COATESVILLE — Chester County members of the Daughters of the Revolution celebrated Rebecca Pennock Lukens — America’s first woman industrialist business owner — at the historic Lukens Georgian Revival style headquarters on First Street over the weekend.
Scott Huston, a direct descendant of Rebecca Pennock Lukens, accepted the National Daughters of the Revolution Recognition for an Outstanding Woman in American History in her honor. His father, Charles Lukens III, was also present.
Huston said his great-great-great grandmother was the first female chief executive officer industrialist, adding that she was an “inspiration to many. He lauded her determination to strengthen the company while treating the workers well and successfully vying against other steel companies, all owned by men, in the 1800s.
At the time of her death in 1854, Lukens was the wealthiest woman in Chester County.
Rebecca Pennock Lukens
Lukens Iron and Steel Company was founded in 1810 in the City of Coatesville.
Nearly 200 years later, the family sold the business, which has since been bought-and-sold a few times during the last 20 years, beginning with Bethlehem Steel in 1998.
Two years ago, Cleveland-Cliffs purchased the steel company, and business is thriving. There are an estimated 1,000 employees today working on steel industrial projects for the U.S. Navy among others. There are high-expectations that Cleveland-Cliffs will invest strongly in this enterprise in Coatesville in the near future, which would bring an explosion of new high-paying jobs to the city and Western Chester County region.
Yet the future growth of the steel business, and its longstanding endurance, all became first possible with the strength of one woman: Rebecca Pennock Lukens
Fortune Magazine crowned Lukens “America’s First Female CEO of an Industrial Company” and inducted her into the American Business Hall of Fame in 1994, said Kyle Gibson, chair of Women in American History Committee for the Daughters of the American Revolution (DAR). Gibson delivered remarks on Lukens’ legacy on Saturday morning during the ceremony in the City of Coatesville.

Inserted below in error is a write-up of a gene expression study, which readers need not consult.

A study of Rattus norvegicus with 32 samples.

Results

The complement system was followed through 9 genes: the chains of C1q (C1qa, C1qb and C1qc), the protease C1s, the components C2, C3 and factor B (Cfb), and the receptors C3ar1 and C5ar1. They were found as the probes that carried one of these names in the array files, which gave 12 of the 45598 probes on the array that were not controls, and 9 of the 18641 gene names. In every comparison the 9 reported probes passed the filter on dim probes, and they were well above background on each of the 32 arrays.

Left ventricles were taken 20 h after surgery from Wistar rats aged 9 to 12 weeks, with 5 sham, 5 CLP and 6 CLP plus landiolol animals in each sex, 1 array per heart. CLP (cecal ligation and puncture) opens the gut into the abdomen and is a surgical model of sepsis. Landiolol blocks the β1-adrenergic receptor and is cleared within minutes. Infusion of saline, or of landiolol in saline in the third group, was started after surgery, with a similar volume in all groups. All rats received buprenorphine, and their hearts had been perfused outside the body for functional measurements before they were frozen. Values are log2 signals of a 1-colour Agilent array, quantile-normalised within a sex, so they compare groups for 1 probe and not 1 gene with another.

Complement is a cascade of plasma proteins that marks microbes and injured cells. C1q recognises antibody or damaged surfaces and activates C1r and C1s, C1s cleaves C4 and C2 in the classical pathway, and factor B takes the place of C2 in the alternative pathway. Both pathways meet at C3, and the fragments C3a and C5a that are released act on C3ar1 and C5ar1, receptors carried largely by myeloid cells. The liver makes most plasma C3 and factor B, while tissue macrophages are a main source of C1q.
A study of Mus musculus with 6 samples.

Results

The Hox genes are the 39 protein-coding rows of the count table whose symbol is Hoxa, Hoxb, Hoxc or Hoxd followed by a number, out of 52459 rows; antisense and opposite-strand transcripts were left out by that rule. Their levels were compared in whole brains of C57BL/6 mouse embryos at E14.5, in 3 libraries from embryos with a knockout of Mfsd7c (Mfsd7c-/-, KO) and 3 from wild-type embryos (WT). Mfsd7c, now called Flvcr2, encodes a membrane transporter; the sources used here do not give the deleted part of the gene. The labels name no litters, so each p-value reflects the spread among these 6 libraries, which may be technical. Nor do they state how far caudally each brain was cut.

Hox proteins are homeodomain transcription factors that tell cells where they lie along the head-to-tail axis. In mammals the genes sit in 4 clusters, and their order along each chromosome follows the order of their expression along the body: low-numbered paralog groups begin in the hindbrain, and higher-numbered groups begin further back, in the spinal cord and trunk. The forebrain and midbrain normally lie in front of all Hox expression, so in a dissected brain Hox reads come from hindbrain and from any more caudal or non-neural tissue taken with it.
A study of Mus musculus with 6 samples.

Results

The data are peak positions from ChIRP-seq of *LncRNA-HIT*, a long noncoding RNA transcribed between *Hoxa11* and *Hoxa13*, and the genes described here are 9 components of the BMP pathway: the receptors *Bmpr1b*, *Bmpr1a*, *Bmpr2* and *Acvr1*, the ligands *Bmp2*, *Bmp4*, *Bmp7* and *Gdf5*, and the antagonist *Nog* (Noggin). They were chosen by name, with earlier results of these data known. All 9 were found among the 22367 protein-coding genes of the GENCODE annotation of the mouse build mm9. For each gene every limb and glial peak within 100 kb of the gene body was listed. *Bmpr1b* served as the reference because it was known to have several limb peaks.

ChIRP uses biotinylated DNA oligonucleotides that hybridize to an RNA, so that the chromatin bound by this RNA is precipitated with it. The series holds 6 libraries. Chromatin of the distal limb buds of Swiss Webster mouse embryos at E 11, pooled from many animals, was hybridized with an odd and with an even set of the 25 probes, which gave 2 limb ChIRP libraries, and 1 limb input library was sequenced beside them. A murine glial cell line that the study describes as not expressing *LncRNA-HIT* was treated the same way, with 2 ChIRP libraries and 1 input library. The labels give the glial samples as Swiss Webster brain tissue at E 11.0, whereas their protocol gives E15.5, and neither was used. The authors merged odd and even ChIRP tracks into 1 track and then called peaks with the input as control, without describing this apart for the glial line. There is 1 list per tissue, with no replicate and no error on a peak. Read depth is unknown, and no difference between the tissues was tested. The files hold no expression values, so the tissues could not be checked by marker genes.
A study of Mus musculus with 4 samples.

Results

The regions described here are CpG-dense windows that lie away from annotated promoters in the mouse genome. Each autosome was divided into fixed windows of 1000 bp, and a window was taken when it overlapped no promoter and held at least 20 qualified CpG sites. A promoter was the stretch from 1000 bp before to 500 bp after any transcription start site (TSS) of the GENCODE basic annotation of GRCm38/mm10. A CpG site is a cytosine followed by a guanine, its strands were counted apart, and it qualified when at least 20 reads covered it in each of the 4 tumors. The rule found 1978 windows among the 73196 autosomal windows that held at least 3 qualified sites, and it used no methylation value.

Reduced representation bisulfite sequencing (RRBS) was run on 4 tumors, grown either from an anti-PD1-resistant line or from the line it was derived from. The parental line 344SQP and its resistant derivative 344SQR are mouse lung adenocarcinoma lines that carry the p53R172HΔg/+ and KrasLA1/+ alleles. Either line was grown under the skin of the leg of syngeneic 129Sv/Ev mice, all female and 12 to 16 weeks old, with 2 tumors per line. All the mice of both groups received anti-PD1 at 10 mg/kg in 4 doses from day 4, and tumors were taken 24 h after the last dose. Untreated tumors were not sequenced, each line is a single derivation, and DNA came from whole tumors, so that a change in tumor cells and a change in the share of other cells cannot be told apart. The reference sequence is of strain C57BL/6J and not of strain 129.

The Pennsylvania Legislature and City of Coatesville have declared her “America’s First Woman Industrialist,” Gibson said. Further, a World War II Liberty Ship was named in her honor.
On Saturday, the Chester County members of the Daughters of the American Revolution recognized Rebecca Pennock Lukens, for being an Outstanding Woman in American History. Descendants Scott Huston and his father, Charles Lukens III, hold the award in celebration after closing remarks at the ceremony had been delivered. Huston said that his great-great-great grandmother had been “an inspiration to many.” (JEN SAMUEL / MEDIANEWS GROUP)
Gibson said Lukens was selected for the award based on her many accomplishments and contributions to not only her Chester County community but also on a national and international level. A Quaker, she learned mill operations from her father, Isaac Pennock. She married Charles Lukens in 1813, who eventually ran the family-owned business. After her husband’s death, she took over as manager. In 1890, the mill was incorporated as Lukens Iron and Steel Company.
Rebecca Lukens’ name will be placed in the DAR national database as one of the outstanding women in American History, Gibson said. She joins fellow award recipients including author Pearl Buck, Sacagawea from the Lewis and Clark expedition, and opera singer Marian Anderson.
The DAR Outstanding Woman in American History award included a certificate and medal.
The National Society of Daughters of the American Revolution is a non-profit, non-political service organization that honors the women and men whose sacrifices made this country free. The organization is headquartered in Washington on 17th Street across from the Ellipse on the northwest grounds of the White House.
The Chester County chapter of DAR has 200 members who are direct descendants of a Patriot who furthered the cause of American independence.